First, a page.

WAILUKU - A Maui County Council committee on Monday advanced the second piece of a three-part package aimed at eliminating the long-standing Upcountry water meter waiting list.
The Committee on Water Resources voted 4-1 in favor of a bill that would authorize the director of the Department of Water Supply to declare periods of water shortages countywide that would trigger higher water rates to encourage conservation. Any declaration would require approval from the mayor.
Council members Gladys Baisa, Elle Cochran, Riki Hokama and Mike White voted for the bill, while committee chairman, Mike Victorino, voted against it.
Victorino had favored an amended version that he proposed to exempt agricultural properties. He said his proposal was in response to concerns from farmers and ranchers who felt that increased rates would harm their operations.
The bill the committee advanced would establish two severity levels for water shortages but does not include any proposed rates to correspond with those levels. A separate draft bill containing proposed rates - by residential, general and agricultural categories - has yet to be heard by the council Budget and Finance Committee.
Mayor Alan Arakawa on Monday spoke in favor of the measure to authorize water shortages, saying it would allow the county to quickly react during emergencies to protect water levels.
He cautioned against Victorino's proposal to exempt agricultural users.
"I don't think that may be the best thing to do, having been a farmer myself," the mayor said.
He said half of Upcountry Maui's water goes to farmers whose heavy usage can quickly drain the system's reserves.
"If (agricultural users) are not subject to some kind of controls as well, you will not have control over your availability of water in the Upcountry system. . . . I can see that being very problematic."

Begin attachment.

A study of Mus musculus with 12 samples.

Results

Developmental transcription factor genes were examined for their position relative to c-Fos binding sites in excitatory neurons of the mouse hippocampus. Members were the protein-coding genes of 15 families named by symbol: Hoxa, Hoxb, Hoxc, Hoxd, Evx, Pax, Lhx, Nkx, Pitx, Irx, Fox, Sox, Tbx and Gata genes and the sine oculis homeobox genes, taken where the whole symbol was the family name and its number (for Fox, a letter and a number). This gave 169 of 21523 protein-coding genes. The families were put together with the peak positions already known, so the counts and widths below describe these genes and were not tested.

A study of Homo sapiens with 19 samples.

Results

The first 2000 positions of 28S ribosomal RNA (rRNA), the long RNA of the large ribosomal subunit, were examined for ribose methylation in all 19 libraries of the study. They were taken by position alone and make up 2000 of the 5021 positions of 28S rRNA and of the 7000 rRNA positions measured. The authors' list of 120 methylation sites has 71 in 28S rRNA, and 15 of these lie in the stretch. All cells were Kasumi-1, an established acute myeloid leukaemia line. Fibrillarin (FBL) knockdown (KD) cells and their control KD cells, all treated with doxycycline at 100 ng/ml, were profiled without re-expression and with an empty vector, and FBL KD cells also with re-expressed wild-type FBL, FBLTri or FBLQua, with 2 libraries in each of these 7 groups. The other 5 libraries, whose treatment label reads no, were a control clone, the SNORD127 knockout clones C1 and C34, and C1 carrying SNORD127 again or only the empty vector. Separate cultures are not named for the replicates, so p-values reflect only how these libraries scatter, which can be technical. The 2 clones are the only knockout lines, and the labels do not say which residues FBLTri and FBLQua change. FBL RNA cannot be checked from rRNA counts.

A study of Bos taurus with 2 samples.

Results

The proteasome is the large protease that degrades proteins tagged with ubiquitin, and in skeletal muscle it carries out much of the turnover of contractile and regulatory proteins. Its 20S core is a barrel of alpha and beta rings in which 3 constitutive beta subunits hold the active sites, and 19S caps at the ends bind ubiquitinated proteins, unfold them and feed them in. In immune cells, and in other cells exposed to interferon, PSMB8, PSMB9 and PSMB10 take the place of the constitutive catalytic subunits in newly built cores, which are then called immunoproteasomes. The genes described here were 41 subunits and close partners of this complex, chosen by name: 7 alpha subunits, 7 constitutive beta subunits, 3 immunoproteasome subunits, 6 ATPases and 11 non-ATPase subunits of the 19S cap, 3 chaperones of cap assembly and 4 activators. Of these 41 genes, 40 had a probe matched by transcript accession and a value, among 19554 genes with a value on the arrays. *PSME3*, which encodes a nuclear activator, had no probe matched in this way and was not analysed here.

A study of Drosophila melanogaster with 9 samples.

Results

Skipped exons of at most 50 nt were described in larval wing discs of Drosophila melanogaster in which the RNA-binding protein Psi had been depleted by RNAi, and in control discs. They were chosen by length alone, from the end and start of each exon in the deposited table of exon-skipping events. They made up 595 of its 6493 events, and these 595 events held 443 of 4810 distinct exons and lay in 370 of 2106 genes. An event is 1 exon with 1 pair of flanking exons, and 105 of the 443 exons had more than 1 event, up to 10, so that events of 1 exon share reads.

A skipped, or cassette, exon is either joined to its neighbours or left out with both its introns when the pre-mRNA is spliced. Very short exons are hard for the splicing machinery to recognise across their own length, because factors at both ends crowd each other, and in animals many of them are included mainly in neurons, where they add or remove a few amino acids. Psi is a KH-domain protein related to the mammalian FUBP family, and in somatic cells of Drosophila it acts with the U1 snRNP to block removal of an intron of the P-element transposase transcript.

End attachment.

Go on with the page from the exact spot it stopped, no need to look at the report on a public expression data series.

Victorino countered that the county needs to take care of its farmers and not simply "talk the talk."
"It's very important that we don't lose sight of our farmers," Victorino said. "I disagree with the mayor in the sense we're giving them special treatment."
Carver Wilson with the Maui County Farm Bureau testified that the organization supports the ability for the county to declare droughts but wanted agricultural exemptions from increased rates and penalties for not reducing use. The group represents commercial agricultural operations on Maui.
In response to the mayor's concerns, Wilson said Upcountry farmers are trying to use less water through conservation measures such as drip irrigation. He added that farmers are mindful of their water consumption because it goes to their bottom line.
Council Member White said he wouldn't be comfortable giving farmers a complete exemption from increased drought rates when other water users will be charged "hugely higher" rates.
Under the water department's draft budget bill proposing increased rates, agricultural consumers using more than 15,000 gallons a month would see a 10 percent rate increase in stage 1 conditions, and a 20 percent increase in stage 2 conditions. Rates would be unchanged for those using less than that amount.
That compares to proposed rate increases for residential consumers of up to 100 percent for those using more than 35,000 gallons a month.
Hokama said he couldn't support Victorino's proposed exemption for farmers, noting that agricultural operations already enjoy subsidized real property tax rates.
Other testifiers took issue with language in the bill that would allow mechanical malfunctions and human error to qualify as triggers for declaring a water shortage.
White asked Water Supply Director Dave Taylor why the county should be able to charge higher rates when there's a system failure.
"We are not a private company. The users are the owners," Taylor said.
Taylor stressed that his department is not interested in generating revenues from the increased rates. In fact, he said any revenues could be directed to the general fund. The goal, he said, is to change the behavior of water consumers.
The two conservation measures would add to a third bill seeking to ban new applicants from joining the waiting list for Upcountry water meters.
Taylor has said the department can eliminate the waiting list by maximizing the use of surface water in Upcountry while implementing conservation incentives.
The list, established in 1994, included nearly 1,500 applicants as of June 30.
That bill to close the list has already received initial approval from the full council. If approved on second reading, set for Dec. 7, it would essentially establish a last day to sign up. From that point, the department would offer meters to those on the priority list in the order that they appear on the list.
* Nanea Kalani can be reached at email@example.com.